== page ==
Cats Help People with Mental Health Issues

Guest Post by Jessica Brody, with organization  Our Best Friends   

Cats Benefit People’s Mental HealthCats Benefit People's Mental Health

There are many reasons why someone would hesitate about getting their first cat. Perhaps cats not allowed in their lease. Their partner has allergies, or they simply don’t feel like they can handle the responsibility. Others, such as those with mental health problems, worry that they are not in the right state of mind to have a pet. When it sometimes feels difficult to take care of yourself, it can seem irresponsible to care for an animal.

However, cats can actually make great companions for people with conditions like depression, anxiety, and PTSD. In a survey by the British Charity Cat’s Protection, 87 percent of cat owners said they felt their pets had a positive impact on their well-being.

Things to Consider

 Cats make supportive and loving pets and can be particularly useful for those suffering from a mental health condition. If you are thinking about getting a cat, you have to first make sure you are ready for the responsibility. You will need to feed them, clean their litter box, provide a comfy bed, stimulate through play.

Cats Help Increase ResponsibilityCats Help Increase Responsibility

It may feel strange to take on more responsibility when you are struggling to do the basics for yourself, but it can actually be a great motivator. Pets give you a sense of purpose, and purpose is essential for good mental health. Cats offer a particularly good balance; they rely on you for their well-being but are independent enough that their needs don’t feel overwhelming.

Cats Offer ComfortCats Offer Comfort

Research has shown that human-animal interaction has an extremely positive effect on mood, leading to long-term physical and mental health benefits. However, any cat owner could have told you that. Cats offer a soothing presence to people who are sad and anxious and can be a source of loving, non-judgmental comfort. Also, it’s time to retire the stereotype that cats are not as affectionate as dogs—felines are very loving pets, they just show it in different ways.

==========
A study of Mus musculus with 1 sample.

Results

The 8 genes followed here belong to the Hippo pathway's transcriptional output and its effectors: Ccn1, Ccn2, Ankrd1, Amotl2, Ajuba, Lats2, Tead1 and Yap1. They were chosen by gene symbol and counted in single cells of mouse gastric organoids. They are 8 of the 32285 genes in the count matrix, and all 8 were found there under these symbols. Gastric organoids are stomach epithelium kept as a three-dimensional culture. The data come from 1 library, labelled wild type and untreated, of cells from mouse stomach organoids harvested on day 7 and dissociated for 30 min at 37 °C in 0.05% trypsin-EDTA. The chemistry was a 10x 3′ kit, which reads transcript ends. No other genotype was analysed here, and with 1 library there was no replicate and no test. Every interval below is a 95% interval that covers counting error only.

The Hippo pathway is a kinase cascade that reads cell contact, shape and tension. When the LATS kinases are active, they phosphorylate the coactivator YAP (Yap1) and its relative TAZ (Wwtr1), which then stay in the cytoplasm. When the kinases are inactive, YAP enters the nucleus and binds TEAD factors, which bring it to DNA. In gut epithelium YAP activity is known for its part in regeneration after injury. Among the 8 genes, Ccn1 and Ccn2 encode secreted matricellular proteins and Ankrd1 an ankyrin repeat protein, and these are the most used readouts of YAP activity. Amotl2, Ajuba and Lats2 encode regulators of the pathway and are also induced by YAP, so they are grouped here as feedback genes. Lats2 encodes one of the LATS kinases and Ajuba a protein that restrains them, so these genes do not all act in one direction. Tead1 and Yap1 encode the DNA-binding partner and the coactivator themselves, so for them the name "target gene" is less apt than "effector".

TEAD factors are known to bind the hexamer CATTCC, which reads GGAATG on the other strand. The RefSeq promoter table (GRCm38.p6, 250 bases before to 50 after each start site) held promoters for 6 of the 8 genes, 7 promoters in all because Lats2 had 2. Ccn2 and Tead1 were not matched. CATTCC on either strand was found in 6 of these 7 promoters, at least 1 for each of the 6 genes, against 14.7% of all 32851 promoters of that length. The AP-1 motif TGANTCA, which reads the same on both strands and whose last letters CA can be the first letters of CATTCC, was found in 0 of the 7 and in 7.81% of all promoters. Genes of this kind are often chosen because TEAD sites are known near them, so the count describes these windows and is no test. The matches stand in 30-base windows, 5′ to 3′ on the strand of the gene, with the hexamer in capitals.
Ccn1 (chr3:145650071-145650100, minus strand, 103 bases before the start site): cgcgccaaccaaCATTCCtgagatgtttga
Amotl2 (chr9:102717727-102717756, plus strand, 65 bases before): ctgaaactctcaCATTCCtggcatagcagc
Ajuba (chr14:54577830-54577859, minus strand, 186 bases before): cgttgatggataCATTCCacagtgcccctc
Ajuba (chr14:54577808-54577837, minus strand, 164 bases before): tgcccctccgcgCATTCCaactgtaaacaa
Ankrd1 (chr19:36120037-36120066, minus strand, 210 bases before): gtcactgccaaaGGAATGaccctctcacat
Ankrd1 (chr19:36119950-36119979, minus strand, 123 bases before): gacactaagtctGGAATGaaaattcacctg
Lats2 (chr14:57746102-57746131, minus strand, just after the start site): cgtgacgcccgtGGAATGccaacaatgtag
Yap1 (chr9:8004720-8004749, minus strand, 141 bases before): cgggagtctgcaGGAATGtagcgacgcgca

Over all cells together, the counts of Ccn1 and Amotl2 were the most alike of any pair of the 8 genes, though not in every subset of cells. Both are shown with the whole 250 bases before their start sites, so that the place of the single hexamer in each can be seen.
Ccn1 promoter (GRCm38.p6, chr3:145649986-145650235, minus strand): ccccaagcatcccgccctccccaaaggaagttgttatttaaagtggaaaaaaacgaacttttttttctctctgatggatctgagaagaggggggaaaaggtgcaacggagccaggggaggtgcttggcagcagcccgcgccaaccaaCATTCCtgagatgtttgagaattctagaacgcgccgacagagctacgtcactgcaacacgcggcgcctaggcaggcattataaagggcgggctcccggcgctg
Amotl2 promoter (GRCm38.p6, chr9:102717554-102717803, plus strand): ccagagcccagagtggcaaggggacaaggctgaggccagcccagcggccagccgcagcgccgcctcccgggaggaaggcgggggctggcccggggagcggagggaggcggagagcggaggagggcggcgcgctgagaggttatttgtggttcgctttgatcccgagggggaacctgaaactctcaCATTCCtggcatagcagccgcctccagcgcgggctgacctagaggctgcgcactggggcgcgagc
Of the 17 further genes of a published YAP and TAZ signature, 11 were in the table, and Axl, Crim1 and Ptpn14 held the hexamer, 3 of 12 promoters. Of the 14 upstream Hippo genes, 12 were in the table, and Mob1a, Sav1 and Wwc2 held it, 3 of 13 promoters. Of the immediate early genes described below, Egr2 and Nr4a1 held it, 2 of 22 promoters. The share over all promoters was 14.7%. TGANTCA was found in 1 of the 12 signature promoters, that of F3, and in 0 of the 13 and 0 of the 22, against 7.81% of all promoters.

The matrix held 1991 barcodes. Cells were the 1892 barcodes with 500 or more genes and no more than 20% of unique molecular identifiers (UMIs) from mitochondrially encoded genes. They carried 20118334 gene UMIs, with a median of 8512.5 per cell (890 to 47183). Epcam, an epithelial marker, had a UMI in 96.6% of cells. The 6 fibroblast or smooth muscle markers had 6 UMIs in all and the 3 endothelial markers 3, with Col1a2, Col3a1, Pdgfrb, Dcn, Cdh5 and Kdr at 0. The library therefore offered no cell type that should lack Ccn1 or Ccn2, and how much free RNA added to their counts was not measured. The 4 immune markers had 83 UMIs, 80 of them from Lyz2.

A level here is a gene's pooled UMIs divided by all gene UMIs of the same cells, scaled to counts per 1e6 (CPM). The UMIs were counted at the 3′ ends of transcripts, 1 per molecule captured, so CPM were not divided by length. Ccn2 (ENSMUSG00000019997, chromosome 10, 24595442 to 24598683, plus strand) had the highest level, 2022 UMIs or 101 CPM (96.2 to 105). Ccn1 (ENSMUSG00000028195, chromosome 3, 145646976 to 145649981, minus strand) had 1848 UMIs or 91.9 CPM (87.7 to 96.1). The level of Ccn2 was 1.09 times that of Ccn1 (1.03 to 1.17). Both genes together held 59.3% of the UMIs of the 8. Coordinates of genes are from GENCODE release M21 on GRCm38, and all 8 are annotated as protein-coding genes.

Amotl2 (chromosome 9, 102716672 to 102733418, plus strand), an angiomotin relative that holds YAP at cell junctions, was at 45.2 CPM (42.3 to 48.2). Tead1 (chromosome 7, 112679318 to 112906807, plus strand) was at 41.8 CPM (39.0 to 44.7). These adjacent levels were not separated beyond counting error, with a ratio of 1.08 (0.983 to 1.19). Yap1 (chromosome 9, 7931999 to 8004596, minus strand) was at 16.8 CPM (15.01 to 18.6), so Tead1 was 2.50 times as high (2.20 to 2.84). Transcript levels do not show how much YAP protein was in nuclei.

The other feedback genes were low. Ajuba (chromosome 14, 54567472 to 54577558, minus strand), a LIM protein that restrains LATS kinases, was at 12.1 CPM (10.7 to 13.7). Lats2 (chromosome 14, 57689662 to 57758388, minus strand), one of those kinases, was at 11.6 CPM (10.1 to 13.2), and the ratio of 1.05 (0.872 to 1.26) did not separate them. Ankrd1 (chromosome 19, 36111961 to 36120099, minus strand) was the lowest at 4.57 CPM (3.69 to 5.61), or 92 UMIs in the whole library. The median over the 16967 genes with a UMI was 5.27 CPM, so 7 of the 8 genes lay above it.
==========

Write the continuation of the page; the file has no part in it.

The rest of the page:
Cats Reduce Stress

According to Medical News Today, cat owners have been shown to be less at risk of heart attack and stroke than those without a cat. This is because cats are very calming pets—everything from their fur to their weight to the sound of their purring can be intensely relaxing. Dogs can also be wonderful for mental health, but they tend to be more excitable and demanding with their time. Pleasing a cat, on the other hand, involves a simple routine of feeding, grooming, and cuddling.

Pets Great For Mental HealthCats Reduce Stress

As a general rule, pets are great for mental health. Whether you choose a cat over a dog, rabbit, or hamster is up to your personal preferences. However, if you are the kind of person who lights up at the sight of a kitty, a cat is most definitely the way to go. Think about how happy you get seeing a cat on the street or at a friend’s house. Having your own cat would mean you can access that feeling whenever you need some comfort. As long as you commit to being a loving and responsible owner, you can make each other very happy.